We need a business card substitute

June 24th, 2010 in Business, Career, PlanetGNOME

Photo by jaaron, http://www.flickr.com/photos/jaaronfarr/1404738465

Either we need a business card substitute or I need a better way to remember who I met.

I see fewer and fewer people handing out business cards at conferences. That’s fine by me. But some times it’s really hard to remember the name of the person I talked to. I used to flip through my pile of business cards and I could figure out who it was. Now I have a hard time. I know what they look like, where we were standing and what we talked about. And I want to follow up. But I don’t know their name. So I end up using details and google and friends to try to find them. Sometimes it works, sometimes it doesn’t.

Ideally, I’d have a picture, ┬áname and email for everyone I talked to at a conference. With location and a few notes. People might think I’m weird, but I could start just taking a picture of everyone I talked to at a conference. But I’d have to remember to do that and I’m often in a hurry to get to the next talk or conversation.

Thoughts? Ideas?

P.S. I’m not sure if fewer business cards are the trend or if I’m going to different conferences. I’ll let you know after OSCON.

9 Responses to “We need a business card substitute”

  1. Last GUADEC, I remember Kristen taking pictures of everyone with their GUADEC ID cards :) I used his pictures to know who is who :D

    I do not think it is weird, but actually taking pictures at the conference with their ID cards works out well, well atleast ensuring one of them is doing that, and making sure we catch him to hand over the pictures later :)

    stormy Reply:
    June 24th, 2010 at 9:13 am

    That’s a good idea. We could ask conference organizers to provide a place for attendees to put their name, pictures and info.

  2. It’s weird to me that pushing a vcard via obex (bluetooth or IR) has been possible on most phones for ages but has never caught on. vcards can embed a photo also.

    QR Codes could be used on modern phones for the same thing.

  3. Chuck says:

    I actually like Aaron’s idea to use a qrcode on the business card. While I take the step of putting text on one side for those without smart phones, I am using a qrcode link on the other for those with smart phones.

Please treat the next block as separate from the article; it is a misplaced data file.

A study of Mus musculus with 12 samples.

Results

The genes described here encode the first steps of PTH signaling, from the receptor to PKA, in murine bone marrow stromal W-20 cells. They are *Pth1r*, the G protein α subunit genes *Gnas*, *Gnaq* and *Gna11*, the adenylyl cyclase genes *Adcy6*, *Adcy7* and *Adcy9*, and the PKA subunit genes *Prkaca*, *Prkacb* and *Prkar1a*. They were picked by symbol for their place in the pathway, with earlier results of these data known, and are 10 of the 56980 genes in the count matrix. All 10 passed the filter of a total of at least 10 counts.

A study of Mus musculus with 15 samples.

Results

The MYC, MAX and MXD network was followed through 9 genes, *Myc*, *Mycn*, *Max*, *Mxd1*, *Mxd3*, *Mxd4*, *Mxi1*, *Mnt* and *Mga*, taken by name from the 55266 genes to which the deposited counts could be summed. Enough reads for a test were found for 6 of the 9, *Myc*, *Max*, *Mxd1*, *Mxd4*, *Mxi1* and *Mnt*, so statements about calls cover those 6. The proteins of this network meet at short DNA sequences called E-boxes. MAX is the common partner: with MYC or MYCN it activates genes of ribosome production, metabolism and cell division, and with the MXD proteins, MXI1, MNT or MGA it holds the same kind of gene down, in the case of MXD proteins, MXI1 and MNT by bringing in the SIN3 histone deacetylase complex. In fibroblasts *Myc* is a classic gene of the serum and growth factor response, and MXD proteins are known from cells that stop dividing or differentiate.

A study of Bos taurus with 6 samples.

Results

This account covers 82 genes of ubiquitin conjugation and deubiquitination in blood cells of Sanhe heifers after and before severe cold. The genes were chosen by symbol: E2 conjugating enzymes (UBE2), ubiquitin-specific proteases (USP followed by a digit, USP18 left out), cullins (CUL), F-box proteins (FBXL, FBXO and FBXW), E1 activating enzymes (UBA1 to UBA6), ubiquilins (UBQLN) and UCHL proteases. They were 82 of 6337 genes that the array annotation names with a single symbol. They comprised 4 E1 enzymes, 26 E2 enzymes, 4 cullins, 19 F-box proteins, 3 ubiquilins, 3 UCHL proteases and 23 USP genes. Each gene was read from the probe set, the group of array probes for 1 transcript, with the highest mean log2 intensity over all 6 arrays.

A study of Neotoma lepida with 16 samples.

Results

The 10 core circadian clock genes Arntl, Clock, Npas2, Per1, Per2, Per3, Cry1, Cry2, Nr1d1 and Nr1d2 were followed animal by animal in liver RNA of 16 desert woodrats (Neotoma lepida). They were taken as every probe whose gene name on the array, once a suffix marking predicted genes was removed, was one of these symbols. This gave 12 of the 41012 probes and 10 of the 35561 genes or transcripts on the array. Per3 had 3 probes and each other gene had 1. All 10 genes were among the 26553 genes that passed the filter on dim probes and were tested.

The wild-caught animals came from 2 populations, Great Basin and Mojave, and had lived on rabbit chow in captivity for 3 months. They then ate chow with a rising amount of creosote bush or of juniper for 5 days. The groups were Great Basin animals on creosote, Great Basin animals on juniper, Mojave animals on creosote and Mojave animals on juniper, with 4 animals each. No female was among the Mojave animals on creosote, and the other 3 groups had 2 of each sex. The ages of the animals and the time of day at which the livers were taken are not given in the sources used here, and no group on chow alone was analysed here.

Check out his blog post at http://bit.ly/caN97s and see if it might work for you.

  4. What I learned from the one time I participated at CeBIT with a professional sales team:

    Each business card should have a pointer to a place where you can see the person’s photo. For various reasons it is not always practical to put the photo directly on the card, but it’s nice when it happens.

    Even more importantly, each card should have ample white space to write things on. Then, when you get a card, you should write something on it to make sure you remember the person and what you need to do with or for them after the conference.

    At the end of each conference day, go through all your new cards and other notes, and make expanded notes while things are still reasonably fresh.

  5. Hi Stormy, a few thoughts here.

    A colleague is working on making our business cards available on a website. Future business cards will have a qrcode on them that contains a link to the website with that persons details and with vcard that can be downloaded.

    For LCA2010, I put Gravatar photos on all the speaker bios (if they had them). It sounded like some people noticed that. And if they created the right kind of page on our Wiki then a Gravatar photo (if present) appeared there. I’ve noticed that people often put a photo of themselves on linux.conf.au wikis anyhow.

    I had hoped to have a private Whoisi service running for LCA2010, but while I had it running, and was collecting the social networking sites for our delegates I never found the time to actually get all the glue in place. That would have been very useful.

    Geeky technical solution: Perhaps for future conferences badges could have RFID/Bluetooth gadgets of some sort and record who you’re near with timestamps.

    Cheers!

  6. ReinoutS says:

    Hmm. The GUADEC 2010 ticket system uses some kind of QR codes, coupled to the registration details. Perhaps we could arrange it so that everyone carries their QR code with them in their badge? The only problem is how to decipher so that the personal details are transferred to the device used to photograph it…

  7. foo says:

    I read that one of the security conferences did something interesting with RFID badges, maybe you need a phone that reads RFID and for the conference to use RFID badges.